WASHINGTON (AP) — Senate Democrats called on Republicans to vote on Merrick Garland's nomination to the Supreme Court by Memorial Day, as GOP lawmakers showed no sign of relenting despite the latest round of courtesy calls.
Senate Majority Leader Mitch McConnell, R-Ky., maintains that the president chosen by voters in November should fill the vacancy on the high court, and there will be no confirmation hearings or a vote. But Senate Minority Leader Harry Reid and his Democratic colleagues are hoping that election-year pressure will eventually wear them down.
"We feel the public is on our side, and this is to their detriment," Reid told reporters Thursday at a news conference in which Democrats pressed for consideration of Garland's nomination.
One Republican in a tough re-election race, Sen. Rob Portman of Ohio, met with Garland Thursday morning and told the judge that he agreed with McConnell on delaying the nomination until after the next president takes office.
"This will be obviously a very consequential seat that will determine the direction of the court for some time," Portman said.
McConnell announced within hours of the death of Justice Antonin Scalia on Feb. 13 that there would be no consideration of Obama's nominee. In March, Obama chose Garland, now chief judge of the U.S. Court of Appeals for the District of Columbia.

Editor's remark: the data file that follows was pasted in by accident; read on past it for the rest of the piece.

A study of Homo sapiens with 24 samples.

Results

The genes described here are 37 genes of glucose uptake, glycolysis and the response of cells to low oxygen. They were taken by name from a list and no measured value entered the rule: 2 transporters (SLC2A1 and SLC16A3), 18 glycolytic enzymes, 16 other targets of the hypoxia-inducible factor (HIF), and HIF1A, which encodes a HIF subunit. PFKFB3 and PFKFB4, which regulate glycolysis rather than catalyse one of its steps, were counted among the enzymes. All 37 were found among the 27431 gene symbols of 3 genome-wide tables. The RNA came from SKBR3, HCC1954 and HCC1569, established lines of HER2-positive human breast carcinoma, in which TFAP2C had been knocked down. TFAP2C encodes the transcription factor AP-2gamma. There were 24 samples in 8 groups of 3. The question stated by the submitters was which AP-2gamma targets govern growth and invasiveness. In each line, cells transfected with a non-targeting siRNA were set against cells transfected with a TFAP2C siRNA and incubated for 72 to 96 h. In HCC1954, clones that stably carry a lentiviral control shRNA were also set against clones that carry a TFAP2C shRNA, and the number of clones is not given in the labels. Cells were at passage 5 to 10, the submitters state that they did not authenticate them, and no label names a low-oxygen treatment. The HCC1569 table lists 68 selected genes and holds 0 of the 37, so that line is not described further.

An Associated Press-GfK poll released Wednesday showed that while 2 in 3 Americans back Democrats' demands that the Republican-run Senate hold hearings and a vote, just 1 in 5 say they have been following the partisan battle closely.
Garland also met with Republican Sen. Jeff Flake of Arizona. In a statement after the meeting, Flake said Garland is justified in waiting until after the election because the nomination could shift the balance of the court.
Still, he said Garland is "obviously a man of accomplishment and keen intellect. He is also kind and engaging."
With Garland and Flake's meetings, nine Republicans have now met with Garland. Only two — Sens. Susan Collins of Maine and Mark Kirk of Illinois — have called for hearings and a vote.
Sen. Charles Grassley, R-Iowa, chairman of the Judiciary Committee, met with Garland earlier this week but reiterated that he won't advance the nomination.